The Effects of High Heels on the Body

Golden High Heels

High heels may look fashionable, but orthopedic surgeons warn that they can wreak havoc on your feet, legs, and body. Ignoring pain, problems, or injuries due to wearing high heels can cause the issues to worsen over time, requiring more aggressive orthopedic treatment as your body suffers.

Toe Problems
High heels are one of the leading causes of ingrown toenails. This is a painful condition that, if left untreated, can become infected. The infection can also spread to the surrounding toes and skin of the foot. High heels can also cause other toe problems, such as bunions, especially when they are tight and narrow, squeezing the toes uncomfortably.

Heel and Ankle Pain
High heels also contribute to pain in the heels and ankles due to poor support and the unnatural walking motions heels can promote. High heels often lead to plantar fasciitis, or swelling on the bottom of the feet that can make walking and standing unbearably painful. In addition to causing pain, high heels can actually reshape the muscles and tendons of your legs, making it difficult to walk flat-footed without physical therapy or orthopedic care. This can affect not only your gait, but also your enjoyment of time spent doing activities that require running, walking, or other types of moment.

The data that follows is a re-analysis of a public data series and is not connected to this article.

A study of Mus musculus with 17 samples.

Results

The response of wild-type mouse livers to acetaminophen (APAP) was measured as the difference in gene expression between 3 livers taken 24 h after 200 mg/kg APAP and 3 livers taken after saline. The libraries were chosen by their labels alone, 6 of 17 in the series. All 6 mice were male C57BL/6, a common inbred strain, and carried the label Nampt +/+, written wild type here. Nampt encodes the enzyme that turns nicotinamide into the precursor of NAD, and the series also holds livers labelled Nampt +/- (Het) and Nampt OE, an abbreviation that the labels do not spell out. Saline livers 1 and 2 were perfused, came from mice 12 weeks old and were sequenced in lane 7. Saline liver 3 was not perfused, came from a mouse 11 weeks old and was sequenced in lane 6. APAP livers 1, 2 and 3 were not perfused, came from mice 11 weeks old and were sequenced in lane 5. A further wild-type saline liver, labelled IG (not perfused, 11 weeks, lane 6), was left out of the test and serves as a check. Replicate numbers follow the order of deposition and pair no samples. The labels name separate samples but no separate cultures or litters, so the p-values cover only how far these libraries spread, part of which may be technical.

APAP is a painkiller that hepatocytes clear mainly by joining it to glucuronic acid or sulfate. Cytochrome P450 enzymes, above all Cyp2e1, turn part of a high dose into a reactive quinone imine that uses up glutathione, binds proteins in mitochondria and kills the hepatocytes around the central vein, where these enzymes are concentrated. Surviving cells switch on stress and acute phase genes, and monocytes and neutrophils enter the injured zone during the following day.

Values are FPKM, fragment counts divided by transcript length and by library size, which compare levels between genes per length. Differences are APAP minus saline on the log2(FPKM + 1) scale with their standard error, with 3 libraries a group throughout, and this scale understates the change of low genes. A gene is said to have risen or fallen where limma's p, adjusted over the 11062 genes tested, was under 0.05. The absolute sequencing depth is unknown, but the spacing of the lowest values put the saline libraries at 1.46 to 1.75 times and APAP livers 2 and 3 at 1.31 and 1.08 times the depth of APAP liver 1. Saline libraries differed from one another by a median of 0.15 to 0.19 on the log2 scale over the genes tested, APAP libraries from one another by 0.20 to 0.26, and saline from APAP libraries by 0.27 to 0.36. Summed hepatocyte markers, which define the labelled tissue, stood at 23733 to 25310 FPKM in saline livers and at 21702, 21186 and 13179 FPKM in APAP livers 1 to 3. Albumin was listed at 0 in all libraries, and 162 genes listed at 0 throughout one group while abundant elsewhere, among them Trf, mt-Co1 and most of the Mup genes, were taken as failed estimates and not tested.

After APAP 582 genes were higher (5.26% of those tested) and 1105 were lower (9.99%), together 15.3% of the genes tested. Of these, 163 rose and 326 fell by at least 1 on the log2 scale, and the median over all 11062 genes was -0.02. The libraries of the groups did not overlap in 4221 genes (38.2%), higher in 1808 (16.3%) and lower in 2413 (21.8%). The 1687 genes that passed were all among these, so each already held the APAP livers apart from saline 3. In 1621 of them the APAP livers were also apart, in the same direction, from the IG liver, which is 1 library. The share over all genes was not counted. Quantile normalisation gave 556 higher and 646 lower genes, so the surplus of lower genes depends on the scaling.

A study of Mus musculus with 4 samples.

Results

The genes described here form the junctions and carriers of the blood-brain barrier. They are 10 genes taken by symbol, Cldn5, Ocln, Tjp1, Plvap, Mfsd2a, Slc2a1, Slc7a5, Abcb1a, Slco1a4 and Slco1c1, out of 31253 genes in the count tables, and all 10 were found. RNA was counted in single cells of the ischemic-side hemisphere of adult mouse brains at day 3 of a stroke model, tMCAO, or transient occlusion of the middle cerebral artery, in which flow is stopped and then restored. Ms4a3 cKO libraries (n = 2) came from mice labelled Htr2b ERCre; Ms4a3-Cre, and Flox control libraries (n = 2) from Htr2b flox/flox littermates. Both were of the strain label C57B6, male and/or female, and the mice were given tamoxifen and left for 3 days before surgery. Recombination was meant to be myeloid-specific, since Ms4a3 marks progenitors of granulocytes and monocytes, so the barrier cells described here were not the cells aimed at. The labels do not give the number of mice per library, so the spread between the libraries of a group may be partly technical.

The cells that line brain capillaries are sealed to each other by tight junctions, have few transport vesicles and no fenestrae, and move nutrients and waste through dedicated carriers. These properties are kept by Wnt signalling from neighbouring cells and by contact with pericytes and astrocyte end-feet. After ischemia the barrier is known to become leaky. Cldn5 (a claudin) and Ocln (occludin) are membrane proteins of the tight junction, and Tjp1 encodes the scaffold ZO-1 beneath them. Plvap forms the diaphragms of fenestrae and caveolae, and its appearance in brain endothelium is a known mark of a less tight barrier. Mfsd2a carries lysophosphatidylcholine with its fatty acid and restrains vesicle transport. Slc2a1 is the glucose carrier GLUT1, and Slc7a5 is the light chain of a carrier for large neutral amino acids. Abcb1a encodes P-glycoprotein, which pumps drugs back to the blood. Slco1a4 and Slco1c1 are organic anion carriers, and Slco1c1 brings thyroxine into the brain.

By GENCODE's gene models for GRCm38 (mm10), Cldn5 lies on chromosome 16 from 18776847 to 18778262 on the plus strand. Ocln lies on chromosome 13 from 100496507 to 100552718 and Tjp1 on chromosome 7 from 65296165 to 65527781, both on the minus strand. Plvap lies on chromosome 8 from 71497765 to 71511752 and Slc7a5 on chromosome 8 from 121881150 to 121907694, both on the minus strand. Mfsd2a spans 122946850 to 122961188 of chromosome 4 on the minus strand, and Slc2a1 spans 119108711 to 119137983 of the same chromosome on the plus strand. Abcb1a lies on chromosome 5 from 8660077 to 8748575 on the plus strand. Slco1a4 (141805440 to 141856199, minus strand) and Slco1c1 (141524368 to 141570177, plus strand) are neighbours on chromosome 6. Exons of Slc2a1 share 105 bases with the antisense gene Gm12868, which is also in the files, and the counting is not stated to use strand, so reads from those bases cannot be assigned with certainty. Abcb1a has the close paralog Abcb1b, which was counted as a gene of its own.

Joint Problems
High heels not only affect your muscles—they can also create and worsen joint problems in your ankles, knees, and hips. Lack of significant support in your shoes causes more wear and tear on your joints, and walking on the balls of your feet distributes your weight unevenly. High heels have been linked to painful conditions, such as osteoarthritis of the knees and lower back pain, and problems caused by the unnatural posture required by walking in high heels.

If you are experiencing pain or foot problems, don’t wait—visit Able Orthopedic & Sports Medicine for diagnosis and treatment. Walk, play, and live pain-free with the help of our dedicated NYC orthopedic surgeons. Learn more online or by calling (866) 650-8063.